This is the second of two parts of our alphabetical reflection on a memorable season of athletics featuring highlights from the Berlin 2018 European Athletics Championships, European Athletics U18 Championships and the European Mountain Running Championships in Skopje.
N is for Nelson
At 34, and a decade after last being at the top of the podium outdoors when he won the Olympic title in Beijing, Portugal’s Nelson Evora was a gold medallist again as he produced a season’s best triple jump of 17.10m in the fifth round to triumph at the European Championships. For Evora, it was proof that age means nothing.
O is for Olympic Stadium
With packed crowds and its blue track, the iconic Olympic Stadium in Berlin was a glorious venue for this summer’s European Championships. History resonated from every corner and the image of thousands watching showed it remains one of the best venues for track and field in the world.
P is for Prolific
A title which belongs to Poland’s Adam Kszczot who won his sixth European 800m title in Berlin in the summer. Already three-times a European indoor champion, he has now matched that outdoors after he made it a hat-trick of successes with victory in fine fashion in 1:44.59 from Sweden’s Andreas Kramer, who ran a national record of 1:45.03.
Q is for Day Q
The Berlin 2018 European Athletics Championships programme began with a session of qualifying which was known as Day Q. The session was free to attend and allowed for a greater focus on the finals during the rest of the championships.
R is for Records
In a time of 2:05:11, Great Britain’s Mo Farah smashed the European marathon record with his first victory over the 26.2 miles in the Chicago Marathon on 7 October. Farah did lose his European 10km record to Julien Wanders who clocked 27:32 in Cape Town while Sifan Hassan set European records on the track over 5000m (14:22.34) and on the roads on her half marathon debut (65:15). Kevin Mayer smashed the world and European decathlon record on the same day in Talence.
S is for Skopje
The capital of the Former Yugoslav Republic of Macedonia staged a memorable European Mountain Running Championships in July. Bernard Dematteis led an Italian clean sweep as he won the men’s title for a third time from Cesare Maestri and Bernard’s brother Martin. Switzerland’s Maude Mathys was crowned women’s champion.
T is for Trailblazers
The first runner to break four minutes for the mile Roger Bannister passed away at the age of 88. Bannister ran his way into sporting history with his time of 3:59.4 on the cinder track at the Iffley Road Sports Ground on 6 May 1954. Diane Leather, who became the first woman to break five minutes for the mile just 23 days later, also passed away this year aged 85. Poland’s Irena Szewinska, the only athlete in history to set world records at 100m, 200m and 400m, also died in June aged 72.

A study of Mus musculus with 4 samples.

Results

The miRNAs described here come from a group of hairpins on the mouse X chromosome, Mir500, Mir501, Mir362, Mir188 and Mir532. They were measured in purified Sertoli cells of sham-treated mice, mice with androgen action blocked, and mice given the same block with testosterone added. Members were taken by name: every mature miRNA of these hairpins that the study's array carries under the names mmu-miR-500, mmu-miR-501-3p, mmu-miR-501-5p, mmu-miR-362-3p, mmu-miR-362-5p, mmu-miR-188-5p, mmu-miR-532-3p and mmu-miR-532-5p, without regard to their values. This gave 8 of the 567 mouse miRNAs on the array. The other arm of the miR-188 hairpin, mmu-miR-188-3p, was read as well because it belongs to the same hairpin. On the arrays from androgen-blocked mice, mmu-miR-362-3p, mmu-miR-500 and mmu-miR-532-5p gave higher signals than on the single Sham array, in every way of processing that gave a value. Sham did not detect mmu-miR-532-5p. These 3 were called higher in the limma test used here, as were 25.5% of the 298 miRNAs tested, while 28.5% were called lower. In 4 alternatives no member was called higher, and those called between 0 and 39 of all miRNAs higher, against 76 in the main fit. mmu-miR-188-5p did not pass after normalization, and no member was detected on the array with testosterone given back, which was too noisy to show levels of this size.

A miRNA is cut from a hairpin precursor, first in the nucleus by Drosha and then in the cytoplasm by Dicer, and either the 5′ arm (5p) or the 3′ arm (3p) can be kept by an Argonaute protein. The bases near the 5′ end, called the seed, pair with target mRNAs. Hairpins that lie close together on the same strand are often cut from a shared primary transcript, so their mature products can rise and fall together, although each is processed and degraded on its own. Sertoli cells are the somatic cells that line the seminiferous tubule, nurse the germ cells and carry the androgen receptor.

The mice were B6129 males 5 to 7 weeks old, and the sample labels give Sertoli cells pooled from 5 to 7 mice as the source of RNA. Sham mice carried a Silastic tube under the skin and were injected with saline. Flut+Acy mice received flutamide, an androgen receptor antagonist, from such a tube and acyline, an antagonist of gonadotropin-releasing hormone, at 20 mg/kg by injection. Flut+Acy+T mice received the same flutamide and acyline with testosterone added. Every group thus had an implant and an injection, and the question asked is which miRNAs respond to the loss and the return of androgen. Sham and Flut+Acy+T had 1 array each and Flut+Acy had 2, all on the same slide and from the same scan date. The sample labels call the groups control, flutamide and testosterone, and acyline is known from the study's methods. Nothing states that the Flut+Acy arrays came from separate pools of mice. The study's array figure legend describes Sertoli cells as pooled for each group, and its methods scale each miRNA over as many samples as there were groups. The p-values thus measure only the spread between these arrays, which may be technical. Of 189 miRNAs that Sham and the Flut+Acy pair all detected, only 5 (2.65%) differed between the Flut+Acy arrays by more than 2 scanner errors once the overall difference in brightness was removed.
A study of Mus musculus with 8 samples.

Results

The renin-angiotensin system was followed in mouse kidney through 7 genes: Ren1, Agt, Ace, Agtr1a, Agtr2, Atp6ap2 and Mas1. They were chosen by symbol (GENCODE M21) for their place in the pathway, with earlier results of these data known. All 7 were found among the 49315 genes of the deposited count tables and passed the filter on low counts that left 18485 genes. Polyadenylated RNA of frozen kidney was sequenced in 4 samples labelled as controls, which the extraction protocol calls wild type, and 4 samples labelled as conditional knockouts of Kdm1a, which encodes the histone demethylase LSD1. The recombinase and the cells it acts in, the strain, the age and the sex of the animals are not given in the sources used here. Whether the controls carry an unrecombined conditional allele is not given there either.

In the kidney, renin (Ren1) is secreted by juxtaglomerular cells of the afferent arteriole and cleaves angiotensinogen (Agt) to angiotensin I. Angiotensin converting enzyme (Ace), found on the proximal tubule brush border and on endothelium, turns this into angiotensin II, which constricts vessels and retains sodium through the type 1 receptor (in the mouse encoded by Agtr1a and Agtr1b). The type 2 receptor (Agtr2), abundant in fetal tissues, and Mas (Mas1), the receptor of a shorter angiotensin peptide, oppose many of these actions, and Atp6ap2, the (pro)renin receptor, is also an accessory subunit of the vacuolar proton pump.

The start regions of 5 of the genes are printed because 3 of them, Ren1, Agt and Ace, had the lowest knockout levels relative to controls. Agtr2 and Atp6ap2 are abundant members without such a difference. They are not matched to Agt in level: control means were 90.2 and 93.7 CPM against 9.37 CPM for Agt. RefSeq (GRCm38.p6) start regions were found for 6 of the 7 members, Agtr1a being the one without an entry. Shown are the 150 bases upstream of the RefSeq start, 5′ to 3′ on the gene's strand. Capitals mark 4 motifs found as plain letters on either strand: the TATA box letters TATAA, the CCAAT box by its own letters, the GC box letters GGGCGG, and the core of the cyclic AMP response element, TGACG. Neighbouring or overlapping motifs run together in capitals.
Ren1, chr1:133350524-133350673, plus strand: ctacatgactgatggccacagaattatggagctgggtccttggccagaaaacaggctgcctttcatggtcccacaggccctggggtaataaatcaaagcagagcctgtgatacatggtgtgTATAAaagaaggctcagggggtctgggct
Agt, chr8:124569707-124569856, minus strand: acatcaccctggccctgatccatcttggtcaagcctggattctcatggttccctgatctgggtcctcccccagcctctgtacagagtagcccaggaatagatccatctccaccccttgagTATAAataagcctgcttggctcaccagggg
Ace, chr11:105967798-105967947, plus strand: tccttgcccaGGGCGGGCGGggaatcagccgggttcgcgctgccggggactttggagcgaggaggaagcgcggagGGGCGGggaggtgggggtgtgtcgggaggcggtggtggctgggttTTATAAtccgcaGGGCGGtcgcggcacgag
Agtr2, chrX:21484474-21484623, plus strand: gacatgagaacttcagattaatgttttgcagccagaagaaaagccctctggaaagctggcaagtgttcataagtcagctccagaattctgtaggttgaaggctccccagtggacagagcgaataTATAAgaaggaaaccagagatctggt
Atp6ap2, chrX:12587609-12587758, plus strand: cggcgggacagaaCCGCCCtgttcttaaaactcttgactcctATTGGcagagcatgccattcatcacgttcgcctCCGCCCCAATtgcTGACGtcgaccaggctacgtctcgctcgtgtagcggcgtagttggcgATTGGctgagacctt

U is for Unprecedented
It took Sandra Perkovic five throws to find anything resembling her best form but the Croatian punched her way into the record books by becoming the first athlete in history to win five European titles in the same event. Perkovic went out to 67.62m in the fifth round of the discus before announcing she was going for a sixth in Paris in two years’ time. Who would bet against her?
V is for Vicente
Maria Vicente looks destined for senior stardom after two phenomenal displays at the European U18 Championships in Gyor. Not content with only breaking the world U18 best to win the heptathlon title, Vicente then pulled out another championship record of 13.95m in the sixth round of the triple jump to double her gold medal tally.
W is for Wlodarczyk
The extraordinary success of Poland’s Anita Wlodarczyk saw her win a fourth successive European hammer gold with another brilliant performance in Berlin in August, breaking the championship record with 78.94m. The extent of her dominance was shown that in second was France’s Alexandra Tavernier, who smashed the national record with 74.78m but was still more than four metres adrift of the champion.
X is for the Great Edinburgh XCountry
A brilliant way for the sport to start each year, Team Europe won this cross country event in January, a match against Great Britain & Northern Ireland and Team USA. Next month they will defend their title when the competition will be held in Stirling.
Y is for Youngest
At the age of 17, Jakob Ingebrigtsen became the youngest ever male athlete to win a gold medal in European Championships history with his wins on back-to-back nights in the 1500m and 5000m. Armand Duplantis followed suit by becoming the youngest ever field event champion in championship history with gold in the pole vault at the age of 18. Duplantis also became the youngest ever member of the six-metre plus club.
Z is for Zharnel
Great Britain’s Zharnel Hughes had a fabulous 2018, winning the European 100m crown in an equal championship record of 9.95 in Berlin. He also ran the second leg of the British team that took the 4x100m title and along with France’s Jimmy Vicaut, he ends the year as joint European-leader with 9.91.